Geneva, 1st October 2004

10.The Commissioner of Police claimed that Mr. Coltart deliberately distorted the truth in stating that the Presidential Powers (Temporary Measures) (Amendment of Criminal Procedure and Evidence Act) Regulations, 2004, Statutory Instrument 37 of 2004 could be used to detain MDC members and its MPs for up to a month without legal process and that they applied to a wide range of offences under the POSA.  However, the delegation, which obtained the text of the relevant Regulations after its mission, notes that the Regulations do indeed authorise police to detain persons for a 28-day period on charges under the POSA, such as “subverting a constitutional government” (see D.I.5.).  It fails to understand how the relevant provisions (Section 2 read together with paragraph 10 of the Third Schedule to the Criminal Procedure and Evidence Act) could be read to imply that Mr. Coltart was distorting the truth.  

11.The authorities insisted that Zimbabwe under its present Government was a law abiding country, respecting the rule of law.  The delegation notes that the rule of law implies inter alia respect for the courts and the judgments they dispense.  It is therefore appalled that in the case of Mr. Bennett, court orders have been consistently ignored by the authorities, thereby forcing Mr. Bennett and his family to leave his farm.  It is appalled at the violence perpetrated against workers on the farm, all of them Zimbabwean citizens, as is Mr. Bennett himself.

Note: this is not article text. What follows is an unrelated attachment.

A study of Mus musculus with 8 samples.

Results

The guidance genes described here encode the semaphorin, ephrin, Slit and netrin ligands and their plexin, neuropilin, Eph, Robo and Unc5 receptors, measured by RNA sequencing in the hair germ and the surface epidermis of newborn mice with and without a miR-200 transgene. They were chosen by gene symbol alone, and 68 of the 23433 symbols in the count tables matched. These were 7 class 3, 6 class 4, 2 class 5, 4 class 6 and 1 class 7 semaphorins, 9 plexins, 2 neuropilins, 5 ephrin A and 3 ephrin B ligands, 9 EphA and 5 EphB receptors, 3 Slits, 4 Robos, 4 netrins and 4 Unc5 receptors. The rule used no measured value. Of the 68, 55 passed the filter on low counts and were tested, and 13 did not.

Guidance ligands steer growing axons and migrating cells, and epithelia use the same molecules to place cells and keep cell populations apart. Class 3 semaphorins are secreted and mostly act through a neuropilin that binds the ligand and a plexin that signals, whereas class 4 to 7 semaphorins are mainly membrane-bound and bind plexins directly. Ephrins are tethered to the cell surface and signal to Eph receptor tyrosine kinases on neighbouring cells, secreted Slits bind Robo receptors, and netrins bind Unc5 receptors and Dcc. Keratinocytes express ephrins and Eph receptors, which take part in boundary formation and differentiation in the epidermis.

12.The delegation wishes to recall that Zimbabwe is a party to the International Covenant on Civil and Political Rights and thus bound by its provisions, whether they have been incorporated into national law or not.  It recalls in this respect more particularly the observations and recommendations made by the United Nations Human Rights Committee in its Concluding Observations on the initial report of Zimbabwe (CCPR/C/79/Add.89) of 6 April 1998.  The delegation is concerned that some of the laws and regulations enacted since, in particular the POSA and Statutory Instrument 37 of 2004, may run counter to those recommendations.  

13.Parliament was described by most of the delegation’s interlocutors as a haven for the much called-for tolerance.  Indeed, the delegation was pleased to note that Parliament was a place where the majority and the opposition worked together in a manner consonant with traditional parliamentary practices.  However, it is troubled by the recent and apparently questionable use of contempt of the House proceedings against two MDC MPs, and it hopes that such proceedings will not be resorted to in order to prevent opposition MPs from freely exercising their right to freedom of expression, which is fundamental to any parliamentary democracy.